Activist, journalist and poet Subramania Bharati was born in Ettayapuram, India, in 1882. Brought up in the Tamil religion, he was one of their literary leading lights and his verses were characterized by their potent nationalism and patriotic fervour. Educated at the local Hindu college he was a precocious student who turned to poetry when he was just eleven years old.
By the time he was sixteen, Bharati had lost his mother and father and was married (at the age of 14) to Chellama who was seven at the time. His father had encouraged him to learn a language, particularly English, but he managed to become proficient in no less than 28 Indian dialects and 3 languages in his lifetime.
Although he originally began to work in the civil service, he eschewed this to become the court poet for the Raja of Ettayapuram in 1901 when he was nineteen years old. Also at this time he developed an interest in world affairs and found an vocation in journalism, becoming an assistant editor for a local Tamil newspaper a couple of years later.
His creative endeavors began to reach a nadir when he moved onto edit another Tamil newspaper, India, where he was able to publish his own poems on a regular basis. He also became a supporter of the militant arm of the Indian National Congress, which favored armed resistance to British rule at the time.
When the owner of the newspaper India was arrested, Bharati was forced into a self-imposed exile in a French ruled province of the country. From there he continued to write although the British colonials tried to stop publication and distribution of his work. At this time, he became interested in Vedic literature and wrote some of his most famous works including Kuyil Pattu and Kannan Pattu.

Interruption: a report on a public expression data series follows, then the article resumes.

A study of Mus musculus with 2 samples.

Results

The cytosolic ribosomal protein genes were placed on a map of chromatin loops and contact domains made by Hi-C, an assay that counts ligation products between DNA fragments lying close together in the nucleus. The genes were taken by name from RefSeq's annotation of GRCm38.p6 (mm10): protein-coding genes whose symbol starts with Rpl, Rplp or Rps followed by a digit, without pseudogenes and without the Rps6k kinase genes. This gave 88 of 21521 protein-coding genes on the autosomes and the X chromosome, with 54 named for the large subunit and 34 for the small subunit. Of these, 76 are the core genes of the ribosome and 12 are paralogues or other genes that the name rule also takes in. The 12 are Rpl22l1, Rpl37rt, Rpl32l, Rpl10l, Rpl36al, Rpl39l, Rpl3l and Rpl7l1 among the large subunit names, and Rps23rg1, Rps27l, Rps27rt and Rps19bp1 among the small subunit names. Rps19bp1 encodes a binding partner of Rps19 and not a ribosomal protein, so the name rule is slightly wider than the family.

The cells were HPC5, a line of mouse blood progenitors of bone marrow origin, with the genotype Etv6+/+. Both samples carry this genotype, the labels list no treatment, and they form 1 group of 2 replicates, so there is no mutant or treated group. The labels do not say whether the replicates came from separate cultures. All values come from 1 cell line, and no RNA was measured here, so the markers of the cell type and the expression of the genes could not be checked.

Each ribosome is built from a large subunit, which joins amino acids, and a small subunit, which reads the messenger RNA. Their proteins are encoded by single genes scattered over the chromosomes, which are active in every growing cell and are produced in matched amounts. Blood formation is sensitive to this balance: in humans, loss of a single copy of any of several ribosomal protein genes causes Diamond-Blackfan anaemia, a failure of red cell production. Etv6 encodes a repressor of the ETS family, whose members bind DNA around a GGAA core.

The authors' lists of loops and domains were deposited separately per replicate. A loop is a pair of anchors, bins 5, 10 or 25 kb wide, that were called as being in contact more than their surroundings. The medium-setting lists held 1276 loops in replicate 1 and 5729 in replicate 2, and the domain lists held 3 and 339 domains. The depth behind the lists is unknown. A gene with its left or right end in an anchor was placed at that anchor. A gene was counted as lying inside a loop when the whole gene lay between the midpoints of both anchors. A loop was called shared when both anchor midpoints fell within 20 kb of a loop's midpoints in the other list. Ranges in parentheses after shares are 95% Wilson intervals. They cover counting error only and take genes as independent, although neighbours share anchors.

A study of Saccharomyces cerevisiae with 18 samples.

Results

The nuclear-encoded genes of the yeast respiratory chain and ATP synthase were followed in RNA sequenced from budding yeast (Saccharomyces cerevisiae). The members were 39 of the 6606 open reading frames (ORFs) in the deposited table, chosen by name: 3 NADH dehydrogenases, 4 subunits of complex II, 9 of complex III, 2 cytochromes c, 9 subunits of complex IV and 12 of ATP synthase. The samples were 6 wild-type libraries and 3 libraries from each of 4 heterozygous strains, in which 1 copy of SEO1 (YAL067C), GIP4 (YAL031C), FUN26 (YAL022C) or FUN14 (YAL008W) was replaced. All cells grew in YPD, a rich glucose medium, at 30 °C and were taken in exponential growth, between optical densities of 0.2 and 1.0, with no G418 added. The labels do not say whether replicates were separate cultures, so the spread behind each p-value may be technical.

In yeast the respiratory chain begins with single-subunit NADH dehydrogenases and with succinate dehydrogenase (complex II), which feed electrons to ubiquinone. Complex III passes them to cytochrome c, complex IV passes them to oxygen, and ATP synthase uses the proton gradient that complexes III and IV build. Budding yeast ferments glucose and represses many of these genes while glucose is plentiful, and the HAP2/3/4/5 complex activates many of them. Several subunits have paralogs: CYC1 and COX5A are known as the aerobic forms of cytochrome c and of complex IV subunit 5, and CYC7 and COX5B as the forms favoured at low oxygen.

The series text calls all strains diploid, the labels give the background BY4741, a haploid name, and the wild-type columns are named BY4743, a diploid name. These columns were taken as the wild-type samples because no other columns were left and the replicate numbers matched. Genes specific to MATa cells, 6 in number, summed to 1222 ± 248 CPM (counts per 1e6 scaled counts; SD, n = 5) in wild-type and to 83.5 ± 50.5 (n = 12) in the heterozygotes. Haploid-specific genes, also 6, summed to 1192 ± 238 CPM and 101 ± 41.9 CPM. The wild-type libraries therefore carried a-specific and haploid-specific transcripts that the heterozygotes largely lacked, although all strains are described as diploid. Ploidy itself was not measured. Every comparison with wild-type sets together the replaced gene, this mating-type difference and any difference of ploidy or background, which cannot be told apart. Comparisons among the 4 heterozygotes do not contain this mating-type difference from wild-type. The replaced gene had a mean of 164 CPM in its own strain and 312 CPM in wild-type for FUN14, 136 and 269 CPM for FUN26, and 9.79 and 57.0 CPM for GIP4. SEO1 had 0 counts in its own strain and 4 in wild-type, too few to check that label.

When Bharati returned to British controlled India in 1918 he was immediately arrested and it was only after the intervention of some of his friends and admirers that he was actually released. The experience left its mark on him, however, and he also suffered a period of poverty that seriously affected his health. During this period he also met with Mohandas Ghandi.
Bharati was an idealist at heart and his poems often expressed his desire for progression and reform. Besides his objections to British rule, he was a supporter of feminist rights and thought the caste system should be consigned to the history books. He wrote thousands of verses throughout his lifetime on subjects as diverse as nationalism, the Tamil way of life, religion, children’s poems, and elegies to freedom fighters.
Although a British amnesty was ordered on his movements in 1920, Bharati was largely struggling with ill health and lack of money. He was hit by an elephant and suffered quite severe injuries. Although he survived, his health suddenly worsened a couple of months later and, in 1921, he died, aged just 38.
Whilst he was for a long while known as the people’s poet, his breadth of work belies a multi-layered and highly competent poet. Despite his popularity there were only 14 people at his funeral.